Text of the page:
Learn About the Benefits of Being a Military Officer

Most enlisted recruiting efforts focus on an occupational model and other benefits, but recruiting material for would-be officers tends to be more ambiguous, focusing on intangibles benefits like pride, sense of duty, and prestige. A banner on GoArmy.com’s front page asks, “Can you rise to the challenge?”

The work can’t get done without outstanding enlisted men and women, but the gap in responsibility between entry-level enlisted and a newly-commissioned lieutenant is pretty wide. It just wouldn’t do to have junior officers endangering the lives and welfare of their troops because they joined under the pretenses of a “me” culture.

Even the most selfless professional needs to look out for his or her own welfare, as well. If you’re torn between enlisting in the military or becoming a commissioned officer and want the scoop on “what’s in it for me,” here are a few of the tangible benefits officers enjoy.

Educational Opportunities

The Post-9/11 GI Bill’s expanded benefits are very attractive if you’re not sure how to pay for higher education. Officers need a college degree just to start the job, so there’s no edge for them when it comes to educational benefits, right?


There are officer commissioning programs that can help pay for a bachelor’s degree in return for a service commitment. The service academies are tough to get into but offer a tuition-free education. Flunk out or get the boot for an honor violation, though, and you may be on the hook for enlisted service to pay back the tuition they wasted on you.

Current college students can also apply for Reserve Officer Training Corps (ROTC) scholarships. You don’t necessarily need a scholarship to participate in ROTC and compete for a commission, but those who can secure the financial award will find it much easier on their wallets. There are even some schools that are entirely dominated by ROTC, like the Virginia Military Institute or Norwich University.

Last but not least, officers that got their commission outside a service academy or ROTC scholarship remain eligible for the Post-9/11 GI Bill, which can still be used to get a second bachelor’s, a graduate degree, or even transferred to a spouse or children.

Pay Differences

The manager makes more than the worker, plain and simple. An enlisted career accrues significant financial benefits with time, but commissioned officers come right out of the gate with more earning power.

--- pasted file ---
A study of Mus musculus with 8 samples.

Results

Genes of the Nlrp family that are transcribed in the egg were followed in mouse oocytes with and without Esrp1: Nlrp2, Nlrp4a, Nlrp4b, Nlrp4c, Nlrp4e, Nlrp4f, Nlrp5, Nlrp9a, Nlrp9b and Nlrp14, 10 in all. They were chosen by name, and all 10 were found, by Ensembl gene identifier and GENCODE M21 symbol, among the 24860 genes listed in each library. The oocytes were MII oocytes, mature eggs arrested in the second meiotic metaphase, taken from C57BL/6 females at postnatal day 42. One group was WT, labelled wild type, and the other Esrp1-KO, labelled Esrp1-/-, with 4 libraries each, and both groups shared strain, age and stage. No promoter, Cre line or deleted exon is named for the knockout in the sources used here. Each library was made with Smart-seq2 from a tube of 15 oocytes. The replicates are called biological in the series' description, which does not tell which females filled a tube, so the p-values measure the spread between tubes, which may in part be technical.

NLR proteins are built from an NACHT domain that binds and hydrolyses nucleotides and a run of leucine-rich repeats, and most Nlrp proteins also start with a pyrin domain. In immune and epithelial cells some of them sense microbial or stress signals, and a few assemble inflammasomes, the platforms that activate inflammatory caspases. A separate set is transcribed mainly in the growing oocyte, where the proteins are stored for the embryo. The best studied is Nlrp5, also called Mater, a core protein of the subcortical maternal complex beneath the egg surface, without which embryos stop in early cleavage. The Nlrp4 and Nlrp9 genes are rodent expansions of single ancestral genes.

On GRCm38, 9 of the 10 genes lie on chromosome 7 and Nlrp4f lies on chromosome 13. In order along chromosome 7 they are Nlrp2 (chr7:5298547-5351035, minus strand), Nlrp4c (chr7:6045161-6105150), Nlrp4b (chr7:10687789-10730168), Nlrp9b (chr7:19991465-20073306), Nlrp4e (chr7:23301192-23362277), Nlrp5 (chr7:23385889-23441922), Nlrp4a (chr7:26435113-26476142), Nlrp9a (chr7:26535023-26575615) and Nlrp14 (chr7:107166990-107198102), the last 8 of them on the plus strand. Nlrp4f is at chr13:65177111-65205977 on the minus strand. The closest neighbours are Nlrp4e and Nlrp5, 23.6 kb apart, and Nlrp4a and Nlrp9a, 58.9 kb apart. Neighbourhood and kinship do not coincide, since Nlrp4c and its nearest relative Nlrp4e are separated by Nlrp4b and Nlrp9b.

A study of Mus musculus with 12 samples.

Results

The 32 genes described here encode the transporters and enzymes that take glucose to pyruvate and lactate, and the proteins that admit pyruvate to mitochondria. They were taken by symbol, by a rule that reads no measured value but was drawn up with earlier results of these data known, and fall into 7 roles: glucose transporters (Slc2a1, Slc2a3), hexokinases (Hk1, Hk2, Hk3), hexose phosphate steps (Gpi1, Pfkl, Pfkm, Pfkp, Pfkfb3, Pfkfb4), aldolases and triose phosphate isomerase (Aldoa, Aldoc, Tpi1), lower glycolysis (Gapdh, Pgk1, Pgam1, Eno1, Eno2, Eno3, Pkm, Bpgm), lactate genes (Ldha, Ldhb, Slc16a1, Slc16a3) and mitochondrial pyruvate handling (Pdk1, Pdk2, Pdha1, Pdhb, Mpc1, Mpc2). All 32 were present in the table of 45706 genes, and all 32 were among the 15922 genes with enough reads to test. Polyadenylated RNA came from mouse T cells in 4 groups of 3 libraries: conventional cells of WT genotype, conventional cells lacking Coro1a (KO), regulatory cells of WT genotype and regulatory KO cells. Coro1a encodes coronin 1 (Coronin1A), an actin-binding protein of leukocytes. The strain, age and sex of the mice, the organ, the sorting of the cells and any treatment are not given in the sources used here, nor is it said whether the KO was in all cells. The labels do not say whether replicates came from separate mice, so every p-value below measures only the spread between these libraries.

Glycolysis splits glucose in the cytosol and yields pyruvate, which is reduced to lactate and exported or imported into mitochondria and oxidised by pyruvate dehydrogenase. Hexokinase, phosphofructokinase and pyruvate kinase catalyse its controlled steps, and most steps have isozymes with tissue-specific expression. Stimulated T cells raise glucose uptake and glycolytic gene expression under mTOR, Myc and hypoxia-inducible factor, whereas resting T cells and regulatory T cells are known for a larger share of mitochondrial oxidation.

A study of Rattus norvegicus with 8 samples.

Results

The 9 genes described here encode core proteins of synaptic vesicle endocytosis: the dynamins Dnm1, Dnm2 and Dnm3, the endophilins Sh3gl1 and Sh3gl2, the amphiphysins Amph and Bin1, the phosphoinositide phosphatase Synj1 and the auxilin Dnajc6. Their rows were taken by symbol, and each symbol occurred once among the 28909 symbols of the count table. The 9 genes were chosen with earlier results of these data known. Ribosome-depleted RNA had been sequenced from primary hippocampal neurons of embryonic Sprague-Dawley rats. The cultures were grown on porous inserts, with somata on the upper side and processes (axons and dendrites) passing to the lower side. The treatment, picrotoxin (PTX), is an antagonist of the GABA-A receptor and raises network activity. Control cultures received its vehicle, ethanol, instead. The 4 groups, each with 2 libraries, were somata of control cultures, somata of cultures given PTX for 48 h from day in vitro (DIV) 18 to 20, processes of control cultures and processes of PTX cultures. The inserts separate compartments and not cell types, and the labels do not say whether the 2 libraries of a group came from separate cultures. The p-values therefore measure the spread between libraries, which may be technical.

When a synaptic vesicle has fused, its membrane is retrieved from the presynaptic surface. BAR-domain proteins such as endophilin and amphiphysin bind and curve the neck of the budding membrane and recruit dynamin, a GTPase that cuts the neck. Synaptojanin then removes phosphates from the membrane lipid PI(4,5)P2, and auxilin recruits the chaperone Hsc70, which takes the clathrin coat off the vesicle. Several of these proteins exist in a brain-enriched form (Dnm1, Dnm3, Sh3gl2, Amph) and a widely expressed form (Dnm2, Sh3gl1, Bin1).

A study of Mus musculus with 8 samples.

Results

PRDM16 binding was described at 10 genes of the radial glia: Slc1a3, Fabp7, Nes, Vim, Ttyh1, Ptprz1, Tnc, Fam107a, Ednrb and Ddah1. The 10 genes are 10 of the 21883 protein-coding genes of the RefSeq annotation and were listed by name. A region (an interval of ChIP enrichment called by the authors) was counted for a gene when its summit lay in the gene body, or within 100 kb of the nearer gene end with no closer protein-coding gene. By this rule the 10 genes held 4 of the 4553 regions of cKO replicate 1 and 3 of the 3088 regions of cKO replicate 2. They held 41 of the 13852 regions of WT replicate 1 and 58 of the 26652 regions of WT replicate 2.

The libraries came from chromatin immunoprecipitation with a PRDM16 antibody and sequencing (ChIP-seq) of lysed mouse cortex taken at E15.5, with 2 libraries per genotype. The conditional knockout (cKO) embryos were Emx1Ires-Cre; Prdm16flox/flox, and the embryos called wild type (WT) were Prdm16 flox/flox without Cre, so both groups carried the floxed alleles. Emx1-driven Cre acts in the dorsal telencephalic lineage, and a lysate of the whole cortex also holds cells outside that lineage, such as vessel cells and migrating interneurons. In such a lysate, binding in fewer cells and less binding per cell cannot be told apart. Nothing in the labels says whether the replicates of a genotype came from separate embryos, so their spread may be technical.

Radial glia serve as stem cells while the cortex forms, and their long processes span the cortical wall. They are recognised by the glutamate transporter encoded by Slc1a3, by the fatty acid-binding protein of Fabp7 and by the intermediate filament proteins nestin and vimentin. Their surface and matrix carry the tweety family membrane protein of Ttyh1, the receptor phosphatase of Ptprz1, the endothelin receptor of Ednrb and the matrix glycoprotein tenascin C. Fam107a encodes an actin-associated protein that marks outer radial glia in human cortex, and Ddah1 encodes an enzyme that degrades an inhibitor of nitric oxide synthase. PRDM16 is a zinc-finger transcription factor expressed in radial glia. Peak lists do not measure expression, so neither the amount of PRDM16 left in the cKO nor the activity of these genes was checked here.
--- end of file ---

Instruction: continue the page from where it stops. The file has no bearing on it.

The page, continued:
Consider a brand new private (E-1) and a second lieutenant (O-1.) According to 2012 military pay charts, the lieutenant will start day one with nearly twice the private’s base pay per month, or an annual salary (excluding benefits) of $33,940.80 to the private’s $17,892.

Based on average time to promotion for enlisted and officers, assume the best-case scenario four years later: Our private is a sergeant and our lieutenant is a captain (O-3). The captain’s still making about twice as much money, but by now that means an annual salary of $60,372 versus just shy of $30,000.

Just remember:

  • Never make a military career decision based solely on pay. Military service isn’t just a job, it’s a calling. If you’re not down with the calling, you’re going to end up disgruntled no matter how much money they throw at you.
  • These figures completely ignore other benefits like healthcare, life insurance, and housing. All of that comes out-of-pocket in the civilian world, which means every penny of your base pay is inherently more valuable in the service.
  • As executive leaders, officers typically pay more out-of-pocket expenses than their enlisted counterparts, such as the initial cost of uniforms and living expenses at early professional training.

Career Flexibility & Diverse Experiences

A successful officer typically progresses from small unit management to larger and higher commands posts that, while more administrative and political in nature, also afford greater challenge, prestige, and influence.

Officers also find themselves taking on more diverse duties and roles instead of just specializing in their Military Occupational Specialty (MOS), which could offer refreshing new challenges and changes of scenery throughout a career. A pilot in the Marine Corps, for example, may pull time on the ground as a Forward Air Controller, where he’ll specialize in coordinating airstrikes and other support for the infantry.

Officers may also serve as attaches to top brass or civilian officials, or at the top of their careers even become Pentagon officials themselves. If you want to specialize in a certain occupation, a commission might not be for you. With a few exceptions, MOS assignments are often made after you’ve earned your commission and graduated initial training, with more emphasis on the needs of the service than your personal preference.

Job Prospects After Service

Veteran officers have two big advantages in the job market: a college degree and proven management experience. Though enlisted veterans may also earn degrees, and many are outstanding leaders, it seems a number of major companies are being “vet friendly” by ignoring the enlisted and targeting junior military officers –- lieutenants and captains.

Michael Dakduk covered the issue in 2010 for the Veteran Journal. This CNN Money article by Brian O’Keefe also explores a similar phenomenon at Walmart and offers some justification from the former commander of US forces in Afghanistan General David Petraeus.

While good ol’ Sergeant Luckwaldt here agrees with Dakduk’s reservations about underestimating the enlisted, it doesn’t change the fact that former military officers often have an edge with employers.